Emerging Issues: It's the Stupid Economy!

Bill Barnes

The mess in the U.S. economy is not an ordinary one. So, figuring out what is to be done is not ordinary either.

The difficulties go far beyond the policy processes in which all interests agree that pain must be endured: by goring someone else's ox.

Three other factors make matters worse: tattered frameworks; the long and short of it; and Goldberg's rule.

Tattered Frameworks
Actual economic conditions don't fit our conventional frameworks for economic thinking.

John Cassidy's How Markets Fail traces the rise and fall, over the past 40 years, of what he calls "utopian economics": the markets-work-and-they-should-be-left-alone model. That way of thinking lost dominance as markets and the model failed to work and produced disastrous results (think the dot.com and housing bubbles, financial system collapse, stagnant wages).

Similarly, the Wall Street Journal, in a review of the 21st century's first decade, described "The Dimming of a Beacon" and headlined that "the Nation's Economic Model Had a Rocky Ride." An important marker of this dimming light was Alan Greenspan's retrospective mea culpa regarding his tenure at the Federal Reserve. The National Journal reports that "good economics is in short supply."

We're also a long way from Richard Nixon declaring that "we are all Keynesians now." Two major "stimulus" packages, more or less Keynesian, surely helped prevent things from getting even worse. Huge makeshift efforts seem to have brought a still deeply unsatisfactory financial system back from the brink. But "what might have happened" isn't tangible and what has happened is bad enough to rivet people's attention.

Something, for example, is amiss with the concept of "recession." Officially, it was more than two years ago. But a very high unemployment rate persists, and we surely see that as a key measure of what normal folks mean by recession. Now, it's just another drag on recovery; that seems unconscionably inappropriate. Recovery seems to be mainly about growth in GDP; maybe growth is not the answer to all questions.

The search is on for alternative frames, but we're nowhere near a new consensus. Cassidy recommends "reality-based economics [that] affords the concept of market failure a central place." The Institute for New Economic Thinking, funded by investor George Soros, has begun a search for fresh thinking and better theories. The monetarists are still with us, and the field of behavioral economics is developing rapidly. Others promote looking at the economy from the bottom up, beginning with the city-centered economic regions.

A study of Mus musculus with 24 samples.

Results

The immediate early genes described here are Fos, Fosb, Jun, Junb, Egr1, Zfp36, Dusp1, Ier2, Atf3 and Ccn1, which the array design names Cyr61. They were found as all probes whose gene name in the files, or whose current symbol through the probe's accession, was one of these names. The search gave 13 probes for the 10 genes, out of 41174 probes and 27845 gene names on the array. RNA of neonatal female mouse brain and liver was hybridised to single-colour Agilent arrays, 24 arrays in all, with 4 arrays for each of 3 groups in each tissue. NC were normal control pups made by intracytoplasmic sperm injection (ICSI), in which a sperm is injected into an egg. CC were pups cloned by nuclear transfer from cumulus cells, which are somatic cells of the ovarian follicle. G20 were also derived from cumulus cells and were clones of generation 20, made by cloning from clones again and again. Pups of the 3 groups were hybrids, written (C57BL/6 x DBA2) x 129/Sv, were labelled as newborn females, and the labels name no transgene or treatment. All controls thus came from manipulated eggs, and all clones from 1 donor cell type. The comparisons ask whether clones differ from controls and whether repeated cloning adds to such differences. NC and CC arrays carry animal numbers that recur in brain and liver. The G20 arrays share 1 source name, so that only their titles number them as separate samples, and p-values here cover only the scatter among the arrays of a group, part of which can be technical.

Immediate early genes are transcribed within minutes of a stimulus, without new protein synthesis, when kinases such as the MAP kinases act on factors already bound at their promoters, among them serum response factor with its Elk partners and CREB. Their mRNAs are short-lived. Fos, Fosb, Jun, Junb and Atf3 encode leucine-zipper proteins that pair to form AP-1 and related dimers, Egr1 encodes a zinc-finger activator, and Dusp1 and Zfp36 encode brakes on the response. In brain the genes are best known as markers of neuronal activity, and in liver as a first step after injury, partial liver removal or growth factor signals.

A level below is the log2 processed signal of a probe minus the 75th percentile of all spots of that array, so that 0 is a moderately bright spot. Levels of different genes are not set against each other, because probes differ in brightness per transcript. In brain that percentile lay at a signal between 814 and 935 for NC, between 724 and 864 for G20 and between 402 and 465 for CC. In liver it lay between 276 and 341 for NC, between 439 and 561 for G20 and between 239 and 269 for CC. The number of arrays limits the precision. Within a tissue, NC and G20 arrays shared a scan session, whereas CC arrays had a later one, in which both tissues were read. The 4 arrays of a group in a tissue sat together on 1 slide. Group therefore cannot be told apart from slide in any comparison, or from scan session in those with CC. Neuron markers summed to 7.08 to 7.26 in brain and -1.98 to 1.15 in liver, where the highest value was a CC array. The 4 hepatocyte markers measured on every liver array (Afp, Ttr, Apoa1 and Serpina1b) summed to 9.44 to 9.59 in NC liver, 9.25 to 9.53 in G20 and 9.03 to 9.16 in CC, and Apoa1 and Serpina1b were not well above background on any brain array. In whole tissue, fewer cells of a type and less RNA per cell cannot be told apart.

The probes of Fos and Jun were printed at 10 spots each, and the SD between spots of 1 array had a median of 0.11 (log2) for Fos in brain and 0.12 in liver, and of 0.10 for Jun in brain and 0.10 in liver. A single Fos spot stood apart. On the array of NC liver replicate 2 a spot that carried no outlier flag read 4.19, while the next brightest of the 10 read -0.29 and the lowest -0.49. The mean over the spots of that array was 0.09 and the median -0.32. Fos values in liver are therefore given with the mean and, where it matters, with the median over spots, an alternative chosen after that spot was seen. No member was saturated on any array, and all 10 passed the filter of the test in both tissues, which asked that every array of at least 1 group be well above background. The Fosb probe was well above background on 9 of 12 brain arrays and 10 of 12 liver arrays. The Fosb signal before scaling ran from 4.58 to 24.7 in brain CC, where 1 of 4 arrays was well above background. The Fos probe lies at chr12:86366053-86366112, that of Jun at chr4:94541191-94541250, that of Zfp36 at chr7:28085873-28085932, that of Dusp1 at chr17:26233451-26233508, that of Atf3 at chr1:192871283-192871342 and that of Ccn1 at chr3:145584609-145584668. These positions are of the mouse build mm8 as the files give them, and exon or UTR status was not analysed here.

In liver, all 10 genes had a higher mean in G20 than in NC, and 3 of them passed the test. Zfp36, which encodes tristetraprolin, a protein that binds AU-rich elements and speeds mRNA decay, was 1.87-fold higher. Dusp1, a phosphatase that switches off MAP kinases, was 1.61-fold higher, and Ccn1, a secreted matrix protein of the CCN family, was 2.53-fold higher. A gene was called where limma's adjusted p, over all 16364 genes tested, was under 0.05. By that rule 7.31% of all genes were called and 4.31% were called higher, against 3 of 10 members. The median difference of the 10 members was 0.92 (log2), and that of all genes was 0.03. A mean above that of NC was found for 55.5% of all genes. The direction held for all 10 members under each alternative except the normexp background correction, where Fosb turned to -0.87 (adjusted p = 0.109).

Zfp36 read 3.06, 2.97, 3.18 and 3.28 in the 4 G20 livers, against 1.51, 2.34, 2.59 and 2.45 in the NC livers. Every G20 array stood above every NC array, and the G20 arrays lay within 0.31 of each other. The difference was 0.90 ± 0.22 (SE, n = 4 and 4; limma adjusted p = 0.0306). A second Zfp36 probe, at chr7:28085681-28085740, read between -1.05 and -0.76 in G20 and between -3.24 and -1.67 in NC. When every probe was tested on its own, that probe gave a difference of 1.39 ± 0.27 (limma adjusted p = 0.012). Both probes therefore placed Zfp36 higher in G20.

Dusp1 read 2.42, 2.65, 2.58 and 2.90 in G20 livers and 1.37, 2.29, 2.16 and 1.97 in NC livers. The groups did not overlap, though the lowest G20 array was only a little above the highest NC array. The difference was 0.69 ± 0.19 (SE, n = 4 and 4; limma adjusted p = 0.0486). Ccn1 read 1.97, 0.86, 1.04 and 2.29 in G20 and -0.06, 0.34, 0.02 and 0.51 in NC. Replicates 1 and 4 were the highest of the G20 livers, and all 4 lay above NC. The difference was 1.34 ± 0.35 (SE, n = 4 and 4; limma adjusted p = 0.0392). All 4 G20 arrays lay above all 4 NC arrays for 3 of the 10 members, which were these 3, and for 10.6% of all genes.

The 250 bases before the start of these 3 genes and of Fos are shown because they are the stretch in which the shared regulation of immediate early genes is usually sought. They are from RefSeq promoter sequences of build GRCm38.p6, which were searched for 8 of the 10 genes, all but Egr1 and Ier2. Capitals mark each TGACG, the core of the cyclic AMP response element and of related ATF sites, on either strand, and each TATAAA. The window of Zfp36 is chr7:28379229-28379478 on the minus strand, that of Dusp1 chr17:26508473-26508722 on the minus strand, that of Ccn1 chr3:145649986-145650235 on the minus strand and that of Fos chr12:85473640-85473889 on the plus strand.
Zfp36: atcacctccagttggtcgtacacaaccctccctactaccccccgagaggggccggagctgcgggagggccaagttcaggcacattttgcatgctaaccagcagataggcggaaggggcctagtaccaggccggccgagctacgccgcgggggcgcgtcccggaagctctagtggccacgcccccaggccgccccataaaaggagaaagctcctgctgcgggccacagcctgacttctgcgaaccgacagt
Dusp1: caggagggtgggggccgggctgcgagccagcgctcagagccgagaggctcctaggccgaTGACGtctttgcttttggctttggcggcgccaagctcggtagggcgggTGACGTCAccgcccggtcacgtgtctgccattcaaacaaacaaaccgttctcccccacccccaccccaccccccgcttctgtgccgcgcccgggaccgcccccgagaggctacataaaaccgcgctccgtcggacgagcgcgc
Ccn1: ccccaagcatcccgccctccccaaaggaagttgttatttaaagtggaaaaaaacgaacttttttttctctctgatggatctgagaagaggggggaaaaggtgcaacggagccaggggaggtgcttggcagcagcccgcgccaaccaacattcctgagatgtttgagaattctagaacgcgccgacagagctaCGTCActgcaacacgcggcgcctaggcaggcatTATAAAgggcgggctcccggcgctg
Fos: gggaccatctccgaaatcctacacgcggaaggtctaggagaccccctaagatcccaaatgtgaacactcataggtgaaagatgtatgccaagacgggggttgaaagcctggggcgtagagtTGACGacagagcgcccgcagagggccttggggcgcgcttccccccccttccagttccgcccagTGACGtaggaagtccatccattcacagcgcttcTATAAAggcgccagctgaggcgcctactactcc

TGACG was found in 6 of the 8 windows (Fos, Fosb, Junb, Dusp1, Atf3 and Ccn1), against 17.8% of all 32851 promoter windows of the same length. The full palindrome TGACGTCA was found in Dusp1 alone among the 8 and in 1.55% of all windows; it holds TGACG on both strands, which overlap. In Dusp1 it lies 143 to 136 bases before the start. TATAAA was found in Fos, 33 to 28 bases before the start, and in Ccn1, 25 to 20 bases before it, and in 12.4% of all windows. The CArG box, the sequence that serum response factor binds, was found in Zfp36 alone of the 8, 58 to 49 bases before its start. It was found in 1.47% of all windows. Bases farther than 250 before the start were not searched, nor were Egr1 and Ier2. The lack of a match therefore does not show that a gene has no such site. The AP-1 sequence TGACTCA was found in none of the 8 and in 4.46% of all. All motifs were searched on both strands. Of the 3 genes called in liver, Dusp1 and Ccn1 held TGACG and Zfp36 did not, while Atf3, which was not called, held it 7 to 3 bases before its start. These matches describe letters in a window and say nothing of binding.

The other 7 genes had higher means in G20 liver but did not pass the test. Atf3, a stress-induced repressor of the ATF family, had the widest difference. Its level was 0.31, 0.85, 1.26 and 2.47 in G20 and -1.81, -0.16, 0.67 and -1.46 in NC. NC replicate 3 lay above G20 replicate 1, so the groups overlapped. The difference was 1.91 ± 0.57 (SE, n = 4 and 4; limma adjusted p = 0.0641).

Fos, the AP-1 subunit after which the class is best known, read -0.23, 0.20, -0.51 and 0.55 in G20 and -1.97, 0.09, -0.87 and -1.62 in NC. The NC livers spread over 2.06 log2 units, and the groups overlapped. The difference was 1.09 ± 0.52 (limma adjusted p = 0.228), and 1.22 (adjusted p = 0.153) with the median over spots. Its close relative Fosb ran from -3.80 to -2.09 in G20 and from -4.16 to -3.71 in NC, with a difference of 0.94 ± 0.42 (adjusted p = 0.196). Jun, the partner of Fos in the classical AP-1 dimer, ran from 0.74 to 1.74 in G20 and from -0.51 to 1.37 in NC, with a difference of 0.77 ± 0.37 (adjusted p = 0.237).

The Long and Short
We're amidst ruins created by both the business cycle and also by deeply rooted trends of long duration; that is, both cyclical and structural factors. Each exacerbates the other, so we cannot just wait for a "recovery" to arrive naturally or by administering home remedies.

Public Agenda, the opinion research and public engagement organization, reports that Americans worry at least as much about their longer-term economic struggles (sending their kids to college, retirement) as short-term ones.

Structural maladies have accumulated over several decades. Extreme income and wealth inequality, for example, continues, making it harder to solve other problems, and poisoning politics. The percentage of Americans who are officially "poor" has been stuck in the low-to-mid teens since 1970. Infrastructure and R&D investments are inadequate. Americans have over-consumed and under-saved. Governments borrowed too much. Regulatory capture-cozy relationships twixt regulators and the supposedly regulated-produced bad results in diverse fields from building codes to bank monitoring.

Goldberg's Rule
Finally, we're nowhere near agreement on the question of "what's the problem?" and so we're in complete disarray about "what is to be done?"

In Thinking in Time, Richard E. Neustadt and Ernest R. May cite Avram Goldberg, executive of a chain of grocery and department stores: "I don't ask 'what's the problem?' I say 'Tell me the story.' That way, I find out what the problem really is."

Lots of people are offering their favorite solutions. That's the wrong place to start. The Goldberg Rule suggests that we need to sort out—from the many tales of greed, misjudgment, bad systems and worse—a convincing story about what the problems are and how we got into them and how they fit together. Lacking that, we have a Babel of options, each vaguely nested in a different yet merely implicit framework of economic ideas.

Unfortunately, amidst all of these and other challenges, economic policy discourses in Washington and in many states and localities have narrowed down to governmental budget strategies.

Pundits and the news media are treating the federal budget situation, for example, as a horse race story between tax-and-spend versus shred-the-safety-net. The biggest horse race story of them all, the 2012 elections, is well underway already and is affecting all these debates.

Horse race stories are not enough; they are easy but misleading. Tough thinking—about frameworks and options and stories, by leaders throughout governments and other sectors—is harder but necessary.

Bill Barnes is the director for emerging issues at National League of Cities (NLC). Comments about his column, which appears regularly in Nation's Cities Weekly, and ideas about "emerging issue" topics can be sent to him by email. Reprinted with permission from NLC.